This analysis divides the acts into scenes, according to the stage directions. Act One, Scene One:
In the play More is the only character with such a sense of integrity. More replies that it amazes him too that no one else opposes the injustice going on.
All the others, including good people, yield to pressure and let their edges be blurred by society or necessity. A man of integrity can be a problem for others, as Chapuys, the Spanish ambassador, says when he is unable to persuade More to support Spain: More is his own man and therefore unpredictable.
Chapuys has simplistically assumed that if More is against Cromwell he is for the Spanish. Thomas More is shown dynamically defending his integrity with his whole heart and mind, as in an intricate game of chess with the King.
More is willing to risk his life to keep his own honesty: He thus refutes the right of the King to rule him in matters of conscience. He recognizes limits to the power and knowledge of the individual, including a King, who cannot put himself at will above the law of the Church or the law of the land he rules.
Civil law has been established over the centuries so that a person may live according to his conscience as long as he does no harm and can walk through life safely protected from the wrong use of power by others. The laws of religion such as not killing another and the civil law such as evidence being required for accusation of a crime are more objective, fair to all, and tested over time.
They are reasonable as well as ethical. If the civil law is unfair, it can be amended by Parliament. Henry, on the other hand, insists on absolute power with no checks.
He takes over both church and state and executes whomever stands in his way. His decisions are not based on reason or virtue but on his own will. Sir Thomas More articulates a position of the future civil rightsand Henry uses his traditional authority to rule rather than consensus or law, though both embrace the new humanistic learning that taught the primacy of reason.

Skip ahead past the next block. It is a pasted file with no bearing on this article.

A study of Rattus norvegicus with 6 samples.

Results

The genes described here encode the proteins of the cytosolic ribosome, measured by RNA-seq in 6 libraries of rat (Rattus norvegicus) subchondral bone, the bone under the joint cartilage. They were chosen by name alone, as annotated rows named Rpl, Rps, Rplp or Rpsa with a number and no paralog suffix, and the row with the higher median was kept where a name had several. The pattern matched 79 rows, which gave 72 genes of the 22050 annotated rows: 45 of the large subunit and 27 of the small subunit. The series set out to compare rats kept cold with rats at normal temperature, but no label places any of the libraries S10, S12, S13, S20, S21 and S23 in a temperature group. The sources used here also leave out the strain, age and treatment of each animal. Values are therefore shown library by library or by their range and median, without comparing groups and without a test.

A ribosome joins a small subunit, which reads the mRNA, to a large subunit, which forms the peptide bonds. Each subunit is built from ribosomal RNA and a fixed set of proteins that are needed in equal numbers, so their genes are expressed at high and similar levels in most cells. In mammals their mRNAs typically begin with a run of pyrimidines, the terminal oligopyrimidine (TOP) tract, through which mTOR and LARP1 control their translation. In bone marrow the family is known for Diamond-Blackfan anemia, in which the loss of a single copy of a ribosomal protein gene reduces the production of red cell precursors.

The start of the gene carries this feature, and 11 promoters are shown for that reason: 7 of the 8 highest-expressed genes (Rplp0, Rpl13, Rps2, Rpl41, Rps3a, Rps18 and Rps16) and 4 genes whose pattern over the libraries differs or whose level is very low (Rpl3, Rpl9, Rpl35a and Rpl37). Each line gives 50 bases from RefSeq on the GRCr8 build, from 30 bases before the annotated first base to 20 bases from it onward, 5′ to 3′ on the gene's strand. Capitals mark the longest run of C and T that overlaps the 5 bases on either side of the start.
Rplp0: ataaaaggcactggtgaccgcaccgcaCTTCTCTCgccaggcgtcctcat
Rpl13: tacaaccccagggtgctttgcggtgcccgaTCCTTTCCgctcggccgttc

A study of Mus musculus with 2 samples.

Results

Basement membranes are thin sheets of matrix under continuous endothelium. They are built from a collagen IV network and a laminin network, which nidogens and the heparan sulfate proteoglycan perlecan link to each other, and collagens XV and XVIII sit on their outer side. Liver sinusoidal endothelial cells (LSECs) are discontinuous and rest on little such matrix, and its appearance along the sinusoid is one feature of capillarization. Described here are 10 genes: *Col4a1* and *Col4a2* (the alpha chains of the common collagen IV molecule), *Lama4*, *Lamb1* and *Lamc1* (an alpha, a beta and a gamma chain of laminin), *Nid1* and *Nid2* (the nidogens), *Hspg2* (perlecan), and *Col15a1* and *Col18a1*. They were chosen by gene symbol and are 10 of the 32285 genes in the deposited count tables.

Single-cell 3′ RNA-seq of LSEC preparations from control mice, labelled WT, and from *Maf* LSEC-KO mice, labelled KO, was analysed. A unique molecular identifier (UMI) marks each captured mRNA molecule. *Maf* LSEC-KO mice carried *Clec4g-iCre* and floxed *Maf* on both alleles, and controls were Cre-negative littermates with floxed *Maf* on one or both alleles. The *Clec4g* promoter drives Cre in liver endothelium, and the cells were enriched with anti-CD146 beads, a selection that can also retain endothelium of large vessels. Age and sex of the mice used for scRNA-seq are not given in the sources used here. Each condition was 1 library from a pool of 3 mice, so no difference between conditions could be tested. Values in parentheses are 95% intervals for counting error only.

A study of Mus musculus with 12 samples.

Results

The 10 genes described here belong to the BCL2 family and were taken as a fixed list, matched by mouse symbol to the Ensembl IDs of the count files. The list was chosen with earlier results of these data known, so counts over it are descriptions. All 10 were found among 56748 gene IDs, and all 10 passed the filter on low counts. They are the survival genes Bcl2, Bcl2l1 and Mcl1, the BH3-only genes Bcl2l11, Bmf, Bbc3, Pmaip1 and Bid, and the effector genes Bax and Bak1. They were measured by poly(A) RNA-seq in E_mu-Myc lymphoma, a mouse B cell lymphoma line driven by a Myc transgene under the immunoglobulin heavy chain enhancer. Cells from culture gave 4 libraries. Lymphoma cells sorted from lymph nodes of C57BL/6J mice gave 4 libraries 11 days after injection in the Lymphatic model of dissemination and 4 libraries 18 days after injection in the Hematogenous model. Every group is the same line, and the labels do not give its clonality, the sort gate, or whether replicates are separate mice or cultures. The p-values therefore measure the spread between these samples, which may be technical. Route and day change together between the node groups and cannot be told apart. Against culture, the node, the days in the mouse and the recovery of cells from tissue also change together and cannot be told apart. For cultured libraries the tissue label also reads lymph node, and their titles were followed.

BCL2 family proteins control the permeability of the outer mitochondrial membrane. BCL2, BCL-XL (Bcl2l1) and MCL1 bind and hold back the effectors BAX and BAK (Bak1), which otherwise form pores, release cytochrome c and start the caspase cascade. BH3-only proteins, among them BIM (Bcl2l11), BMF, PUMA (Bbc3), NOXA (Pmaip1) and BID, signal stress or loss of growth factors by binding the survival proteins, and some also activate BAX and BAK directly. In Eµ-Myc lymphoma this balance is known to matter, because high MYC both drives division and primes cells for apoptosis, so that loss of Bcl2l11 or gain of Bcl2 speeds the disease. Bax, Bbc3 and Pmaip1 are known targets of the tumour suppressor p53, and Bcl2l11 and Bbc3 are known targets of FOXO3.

More is shown to be right in that all those who side with the King in hopes they will be saved are eventually cut down by his insatiable power. More would rouse his countrymen to defend the law that keeps them safe and gives them their freedom and basic rights.
The Relativity of Point of View Bolt makes history into a drama by showing the characters to have conflicting points of view. Both Wolsey and Cromwell are crafty and unprincipled, but Wolsey cares for England, while Cromwell is an opportunist.
Bolt makes the drama contemporary by adding in the idea that it is not only philosophies that clash but individual points of view. It is more than Catholic vs. Protestant or England vs. Spain or rich vs.
Even the Catholics—Chapuys, Roper, and More—differ in the way they see their religion. More does not claim as Roper does, to prescribe right and wrong for others, to know absolutely what God wants or means. He can only take responsibility for himself. Every viewpoint is relative, with some having more merit than others.HAMLET He was a man, take him for all in all, I shall not look upon his like again.
HORATIO Thou canst not then be false to any man. Farewell: my blessing season this in thee! LAERTES Most humbly do I take my leave, my lord. Exeunt all but HAMLET. Hamlet and Horatio Best Friends for Life: an Analysis of Hamlet In Hamlet, two characters I believe to be important are Hamlet and his friend, Horatio.
Horatio is the second most important character in the play. A Man for All Seasons quiz that tests what you know.
Perfect prep for A Man for All Seasons quizzes and tests you might have in school. A summary of Act I, scene i in William Shakespeare's Hamlet. Learn exactly what happened in this chapter, scene, or section of Hamlet and what it means. Perfect for acing essays, tests, and quizzes, as well as for writing lesson plans.